A person with delusional disorder or paranoid disorder cannot tell what's real or imagined. This is a severe type of mental health disorder called psychosis.

The mental health charity Mind says someone with delusional disorder is likely to have a complex, paranoid, but untrue, idea that puts him or her in conflict with those around them.

The person is likely to feel persecuted and more likely to seek help from a lawyer or the police than from a mental health professional.
People with delusional disorder may believe they are being followed, poisoned, deceived, conspired against or loved from a distance. These delusions usually involve the misinterpretation of perceptions or experiences. In reality, however, the situations are either not true at all or highly exaggerated.

People with delusional disorder can often continue to socialise and function normally and, apart from with the subject of their delusion, generally do not behave in an obviously odd or bizarre manner. This is unlike people with other psychotic disorders, who also might have delusions as a symptom of their disorder. In some cases, however, people with delusional disorder might become so preoccupied with their delusions that their lives are disrupted.

Delusional disorder is more common in middle to late life and is slightly more common in women than it is in men.

Treatment and management of delusional disorder is covered by NHS guidance for mental health disorders related to schizophrenia. A clinical diagnosis of psychosis is common in people with substance misuse. The National Institute for Health and Care Excellence (NICE) says around 40% of people with psychosis misuse substances at some point in their life.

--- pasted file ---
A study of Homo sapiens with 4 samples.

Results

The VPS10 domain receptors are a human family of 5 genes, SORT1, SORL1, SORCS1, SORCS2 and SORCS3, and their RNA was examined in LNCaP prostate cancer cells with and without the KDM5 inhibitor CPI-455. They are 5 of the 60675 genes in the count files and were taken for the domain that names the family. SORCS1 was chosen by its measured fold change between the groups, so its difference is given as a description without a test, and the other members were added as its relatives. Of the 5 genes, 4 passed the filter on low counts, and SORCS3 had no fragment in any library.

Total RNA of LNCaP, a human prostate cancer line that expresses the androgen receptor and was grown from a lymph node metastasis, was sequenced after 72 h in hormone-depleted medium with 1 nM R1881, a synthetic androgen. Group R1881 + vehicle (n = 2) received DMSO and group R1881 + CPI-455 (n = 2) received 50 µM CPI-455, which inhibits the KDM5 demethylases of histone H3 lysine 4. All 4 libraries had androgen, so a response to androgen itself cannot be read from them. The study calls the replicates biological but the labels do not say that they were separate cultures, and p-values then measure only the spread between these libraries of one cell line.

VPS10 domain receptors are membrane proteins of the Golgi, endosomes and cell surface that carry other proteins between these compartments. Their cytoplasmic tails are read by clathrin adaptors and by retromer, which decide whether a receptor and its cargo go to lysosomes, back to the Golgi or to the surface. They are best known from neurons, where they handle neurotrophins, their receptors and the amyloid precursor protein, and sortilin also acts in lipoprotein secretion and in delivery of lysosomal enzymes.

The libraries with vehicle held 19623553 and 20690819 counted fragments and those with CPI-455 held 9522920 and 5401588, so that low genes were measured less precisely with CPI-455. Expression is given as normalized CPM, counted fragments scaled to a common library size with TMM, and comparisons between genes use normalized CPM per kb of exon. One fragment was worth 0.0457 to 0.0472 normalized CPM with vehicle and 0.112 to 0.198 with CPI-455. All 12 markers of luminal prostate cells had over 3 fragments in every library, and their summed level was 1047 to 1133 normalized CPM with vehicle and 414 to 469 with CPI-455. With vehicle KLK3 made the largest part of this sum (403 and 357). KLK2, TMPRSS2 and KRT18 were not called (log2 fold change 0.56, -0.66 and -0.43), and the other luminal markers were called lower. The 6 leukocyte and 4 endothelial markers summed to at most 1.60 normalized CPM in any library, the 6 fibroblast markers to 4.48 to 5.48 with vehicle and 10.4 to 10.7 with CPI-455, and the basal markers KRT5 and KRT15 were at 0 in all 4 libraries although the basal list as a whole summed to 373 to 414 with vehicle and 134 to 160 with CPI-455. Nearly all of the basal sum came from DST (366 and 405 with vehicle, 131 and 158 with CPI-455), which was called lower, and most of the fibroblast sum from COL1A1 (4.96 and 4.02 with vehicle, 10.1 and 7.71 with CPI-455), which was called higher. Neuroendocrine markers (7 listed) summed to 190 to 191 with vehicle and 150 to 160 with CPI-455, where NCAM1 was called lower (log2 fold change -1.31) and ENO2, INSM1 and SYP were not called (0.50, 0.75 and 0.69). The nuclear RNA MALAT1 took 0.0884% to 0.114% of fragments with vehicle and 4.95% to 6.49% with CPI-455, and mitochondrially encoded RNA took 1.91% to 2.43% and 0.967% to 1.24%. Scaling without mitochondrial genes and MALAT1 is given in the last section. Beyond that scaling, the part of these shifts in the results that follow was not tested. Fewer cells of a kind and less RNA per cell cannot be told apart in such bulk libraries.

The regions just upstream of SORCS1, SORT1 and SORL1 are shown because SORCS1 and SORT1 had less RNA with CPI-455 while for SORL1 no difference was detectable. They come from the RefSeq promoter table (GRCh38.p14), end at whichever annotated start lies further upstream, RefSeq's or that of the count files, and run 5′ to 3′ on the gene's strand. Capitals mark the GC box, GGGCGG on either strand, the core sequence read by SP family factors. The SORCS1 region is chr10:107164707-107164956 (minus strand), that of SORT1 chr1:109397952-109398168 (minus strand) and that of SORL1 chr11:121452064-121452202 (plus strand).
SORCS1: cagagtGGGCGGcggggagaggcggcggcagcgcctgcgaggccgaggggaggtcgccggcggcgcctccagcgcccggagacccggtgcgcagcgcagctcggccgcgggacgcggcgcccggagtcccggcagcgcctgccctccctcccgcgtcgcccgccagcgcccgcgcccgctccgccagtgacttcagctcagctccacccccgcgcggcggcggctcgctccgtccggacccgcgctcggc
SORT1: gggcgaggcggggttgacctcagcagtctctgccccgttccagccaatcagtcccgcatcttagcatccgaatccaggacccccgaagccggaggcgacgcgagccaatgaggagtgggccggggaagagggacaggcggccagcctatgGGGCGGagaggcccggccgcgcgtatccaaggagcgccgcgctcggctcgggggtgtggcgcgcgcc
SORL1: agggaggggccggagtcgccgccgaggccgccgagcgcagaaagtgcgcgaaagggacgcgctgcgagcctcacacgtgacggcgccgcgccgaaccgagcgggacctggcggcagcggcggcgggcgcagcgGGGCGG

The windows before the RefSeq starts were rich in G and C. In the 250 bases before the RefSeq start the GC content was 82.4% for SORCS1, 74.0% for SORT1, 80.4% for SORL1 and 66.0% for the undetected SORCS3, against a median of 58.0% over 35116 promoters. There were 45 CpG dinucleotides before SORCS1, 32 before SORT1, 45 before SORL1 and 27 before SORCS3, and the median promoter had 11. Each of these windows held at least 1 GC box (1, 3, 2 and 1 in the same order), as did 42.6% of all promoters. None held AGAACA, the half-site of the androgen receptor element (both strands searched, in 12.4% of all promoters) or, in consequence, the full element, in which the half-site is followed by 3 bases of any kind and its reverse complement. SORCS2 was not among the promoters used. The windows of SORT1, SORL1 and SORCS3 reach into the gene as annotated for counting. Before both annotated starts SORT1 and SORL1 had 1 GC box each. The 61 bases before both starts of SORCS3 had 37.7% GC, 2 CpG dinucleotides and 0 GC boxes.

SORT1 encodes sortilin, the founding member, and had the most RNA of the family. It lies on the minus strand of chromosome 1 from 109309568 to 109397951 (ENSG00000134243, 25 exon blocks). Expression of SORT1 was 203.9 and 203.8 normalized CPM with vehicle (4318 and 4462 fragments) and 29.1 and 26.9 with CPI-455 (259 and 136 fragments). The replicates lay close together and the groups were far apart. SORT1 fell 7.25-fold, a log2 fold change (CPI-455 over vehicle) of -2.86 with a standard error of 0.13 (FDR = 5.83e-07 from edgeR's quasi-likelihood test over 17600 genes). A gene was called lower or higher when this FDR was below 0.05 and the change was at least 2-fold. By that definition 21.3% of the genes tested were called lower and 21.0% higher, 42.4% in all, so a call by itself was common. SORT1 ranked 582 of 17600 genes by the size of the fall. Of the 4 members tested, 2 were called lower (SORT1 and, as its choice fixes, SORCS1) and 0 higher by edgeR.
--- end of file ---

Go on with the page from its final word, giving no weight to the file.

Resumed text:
Symptoms of delusional disorder

Delusions are the most obvious symptom of this disorder. A person might also be irritable, angry or sad.

They may experience hallucinations - seeing, hearing, smelling or feeling things that are not really there.

There are several different traits a person with delusional disorder may display:

  • De Clerambault syndrome (erotomania): Someone with this type of delusional disorder believes that another person, often someone important or famous, is in love with them. The person might attempt to contact the object of the delusion and stalking behaviour is not uncommon.
  • Grandiose: A person with this type of delusional disorder has an over-inflated sense of worth, power, knowledge or identity. The person might believe they have a great talent or have made an important discovery.
  • Jealous: A person with this type of delusional disorder believes that their spouse or sexual partner is unfaithful.
  • Persecutory: People with this type of delusional disorder believe that they (or someone close to them) are being mistreated, or that someone is spying on them or planning to harm them. It is not uncommon for people with this type of delusional disorder to make repeated complaints to legal authorities.
  • Somatic: A person with this type of delusional disorder believes that they have a physical defect or medical problem. This includes delusional parasitosis – a belief that insects are crawling over them or they have bugs under the skin.
  • Mixed: People with this type of delusional disorder have two or more of the types of delusions listed above. They may also have a shared delusion with another person, known as folie à deux.